When a rabbit’s digestive system is compromised, because of illness, pain or stress, then their hydration and food intake is likely to be reduced. This can lead to a reduction in gut motility – known as gastrointestinal (GI) stasis.
Rabbits are unable to go any significant amount of time without food in their digestive system. If a rabbit stops eating or reduces its food intake then the gastrointestinal tract will go into stasis or ileus, where it slows down or comes to a complete standstill. This in itself can prove fatal within just a matter of hours.
Rabbits require a high-fibre (+25%), moderate protein (12-13%) and low carbohydrate diet in order to maintain optimum gastrointestinal function.
The majority of pet rabbits are overfed on concentrated mixes and don’t eat enough hay and grass, which should make up the majority of a rabbit’s daily food intake.
Added to this, rabbits who are fed a mix and pick out their favourite pieces of food, which often contain high levels of sugar and minimal amounts of fibre, frequently suffer with dental problems and GI stasis episodes.
Selective feeding can be prevented by changing the rabbit onto an extruded nugget type feed that prevents selective feeding. This type of feed is high in fibre and contains the correct amount of protein and carbohydrate in order to maintain good GI tract health.
The average size pet rabbit should have a small handful of concentrated food, unlimited amounts of hay and grass and a mound of fresh vegetables the size of their own body each day. Treats, such as those bought from pet shops, should be avoided.
A rabbit’s digestive system is designed never to be empty and constantly contains food, caecal pellets and hair ingested during grooming. Fur-blockage is still thought, by some vets, to be a primary cause of GI stasis, but in truth it is normal to find some hair in a rabbit’s digestive system. Problems occur when the hair dries out due to a decrease in appetite and hydration and as such should be treated as a secondary problem due to the stasis and not a primary cause of stasis. The exception to the rule may be in long-haired rabbits, where true fur-blockage may be a primary cause of GI stasis.
The colon is responsible for sorting digestible and indigestible fibre. The rabbit eliminates the indigestible fibre as the hard; round droppings as these have no nutritional value to the rabbit.
The digestible fibre components are moved into the caecum where microbial digestion takes place.
The digestible fibre is excreted in the form of caecotrophs; small, clumps of smelly droppings covered in mucous. These are usually eaten directly from the anus by the rabbit and contain amino acids, fatty acids and vitamins B and K, from previously undigested foods. Consumption of the caecal pellets is important for the GI tract and overall health of the rabbit. The mucous protects the caecal pellets from the acidic pH of the rabbit’s stomach.
There are many potential reasons for a rabbit to reduce or cease eating and drinking, and are just some of the more common causes:
- Dental problems causing pain
- Not enough fibre in the diet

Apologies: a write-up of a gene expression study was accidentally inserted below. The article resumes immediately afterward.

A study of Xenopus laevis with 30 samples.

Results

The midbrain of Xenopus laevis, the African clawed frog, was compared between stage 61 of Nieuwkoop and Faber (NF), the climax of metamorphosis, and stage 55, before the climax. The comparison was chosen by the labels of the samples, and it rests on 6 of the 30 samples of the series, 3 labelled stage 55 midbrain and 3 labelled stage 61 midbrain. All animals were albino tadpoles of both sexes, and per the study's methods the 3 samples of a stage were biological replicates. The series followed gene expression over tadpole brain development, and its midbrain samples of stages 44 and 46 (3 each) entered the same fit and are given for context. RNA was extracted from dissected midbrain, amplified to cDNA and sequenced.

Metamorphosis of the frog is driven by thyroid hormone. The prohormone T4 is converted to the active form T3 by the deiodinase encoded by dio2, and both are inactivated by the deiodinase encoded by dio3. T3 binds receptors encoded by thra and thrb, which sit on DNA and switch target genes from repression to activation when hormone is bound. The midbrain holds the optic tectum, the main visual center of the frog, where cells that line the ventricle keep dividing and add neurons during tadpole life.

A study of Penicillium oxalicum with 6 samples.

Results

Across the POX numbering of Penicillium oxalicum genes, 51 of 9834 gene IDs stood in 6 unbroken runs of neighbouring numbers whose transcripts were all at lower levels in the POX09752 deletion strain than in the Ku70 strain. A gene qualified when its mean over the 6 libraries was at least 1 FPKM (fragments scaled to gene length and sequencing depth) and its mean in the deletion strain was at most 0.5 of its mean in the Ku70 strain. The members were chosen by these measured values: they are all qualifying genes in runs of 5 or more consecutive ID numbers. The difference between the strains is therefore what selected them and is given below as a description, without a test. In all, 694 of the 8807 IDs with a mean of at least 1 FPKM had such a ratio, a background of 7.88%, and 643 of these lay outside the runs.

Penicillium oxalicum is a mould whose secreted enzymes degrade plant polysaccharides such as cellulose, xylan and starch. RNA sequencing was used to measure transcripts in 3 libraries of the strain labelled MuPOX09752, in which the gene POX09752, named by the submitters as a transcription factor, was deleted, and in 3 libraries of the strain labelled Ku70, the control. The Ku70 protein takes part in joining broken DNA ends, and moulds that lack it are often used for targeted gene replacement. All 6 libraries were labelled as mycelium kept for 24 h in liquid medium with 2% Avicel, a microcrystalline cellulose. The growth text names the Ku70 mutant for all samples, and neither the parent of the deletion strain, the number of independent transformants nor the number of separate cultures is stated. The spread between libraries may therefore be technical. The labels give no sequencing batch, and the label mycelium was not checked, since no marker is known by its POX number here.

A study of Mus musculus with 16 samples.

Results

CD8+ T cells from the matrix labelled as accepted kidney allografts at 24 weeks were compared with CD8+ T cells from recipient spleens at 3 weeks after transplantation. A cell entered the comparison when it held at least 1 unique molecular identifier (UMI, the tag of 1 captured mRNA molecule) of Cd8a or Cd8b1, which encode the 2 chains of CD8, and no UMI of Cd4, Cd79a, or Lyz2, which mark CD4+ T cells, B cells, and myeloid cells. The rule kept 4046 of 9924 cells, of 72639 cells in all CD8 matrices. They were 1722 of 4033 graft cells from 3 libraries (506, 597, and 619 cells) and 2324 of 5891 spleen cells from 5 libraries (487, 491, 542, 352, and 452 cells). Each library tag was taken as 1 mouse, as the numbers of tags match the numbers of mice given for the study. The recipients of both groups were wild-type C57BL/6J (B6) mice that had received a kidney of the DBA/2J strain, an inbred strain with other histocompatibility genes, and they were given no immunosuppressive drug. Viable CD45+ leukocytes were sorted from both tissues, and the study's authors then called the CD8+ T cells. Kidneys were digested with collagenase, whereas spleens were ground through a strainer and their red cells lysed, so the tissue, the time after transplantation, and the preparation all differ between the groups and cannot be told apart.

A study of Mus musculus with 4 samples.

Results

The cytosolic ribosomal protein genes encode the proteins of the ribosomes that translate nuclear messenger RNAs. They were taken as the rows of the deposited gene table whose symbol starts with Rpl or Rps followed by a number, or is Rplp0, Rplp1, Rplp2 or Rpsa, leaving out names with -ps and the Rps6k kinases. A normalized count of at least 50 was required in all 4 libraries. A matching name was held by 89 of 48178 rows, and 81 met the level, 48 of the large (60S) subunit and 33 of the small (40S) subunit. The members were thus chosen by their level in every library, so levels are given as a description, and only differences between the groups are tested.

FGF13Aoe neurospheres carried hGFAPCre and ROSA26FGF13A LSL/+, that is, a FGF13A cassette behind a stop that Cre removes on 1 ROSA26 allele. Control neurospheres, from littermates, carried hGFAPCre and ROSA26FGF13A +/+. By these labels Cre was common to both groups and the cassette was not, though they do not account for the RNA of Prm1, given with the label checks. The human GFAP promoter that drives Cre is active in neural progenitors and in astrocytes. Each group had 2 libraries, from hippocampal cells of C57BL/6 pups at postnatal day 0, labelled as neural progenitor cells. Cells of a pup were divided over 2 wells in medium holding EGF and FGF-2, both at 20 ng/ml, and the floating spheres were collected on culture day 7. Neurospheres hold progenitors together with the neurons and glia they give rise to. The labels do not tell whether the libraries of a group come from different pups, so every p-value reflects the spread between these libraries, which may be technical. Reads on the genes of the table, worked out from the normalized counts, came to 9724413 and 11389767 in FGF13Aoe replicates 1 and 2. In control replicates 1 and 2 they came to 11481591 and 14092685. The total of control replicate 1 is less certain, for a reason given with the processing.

- Foreign body
- Stress from the loss of a partner, a sudden change in diet, a change in the environment or transportation, extreme heat or cold or being around a predator.
It is all very well and good treating GI stasis but the route of the primary cause needs to be identified and addressed to stop the rabbit suffering from another episode. This may include a thorough dental examination, looking at the rabbits housing and social status, examining the diet, and looking back over recent events to see if a stressful occurrence can be identified.
Normally the symptoms will have a gradual onset and owners may notice the rabbit eating slightly less, being slightly less active and perhaps see droppings that are strung together on hair and the rabbit producing less droppings.
The symptoms may gradually worsen over the coming week or so, until the rabbit may completely stop eating and drinking altogether, pass no droppings at all and not want to move. The rabbit may also grind its teeth in pain.
Treatment needs to be started immediately and in an aggressive form.
The rabbit should be syringe fed or an oesophageal feeding tube fitted if the rabbit is unwilling to take syringe feeds; aim for 20-50 ml/kg per day, split into several, regular feeds. Offering tempting foods, such as freshly picked grass, fresh greens and sweet smelling hay may encourage the rabbit to begin eating again.
Medications to kick-start the GI tract, known as prokinetics, should be commenced and intravenous fluid therapy should also be started. Pain relief (analgesia) must also be included in the treatment regime as rabbits that are in pain will not eat.
If a blockage of some description is suspected then this much be ruled out before any prokinetic medications are given.
If the rabbit is treated at an early stage, i.e. within a couple of hours of not eating, then the prognosis for recovery is good. If treatment is delayed for a number of hours then a full recovery is less likely.
Some rabbits may take several days of treatment before any improvement is seen, so it is worth persevering with treatment if the rabbit can be kept comfortable during its recovery.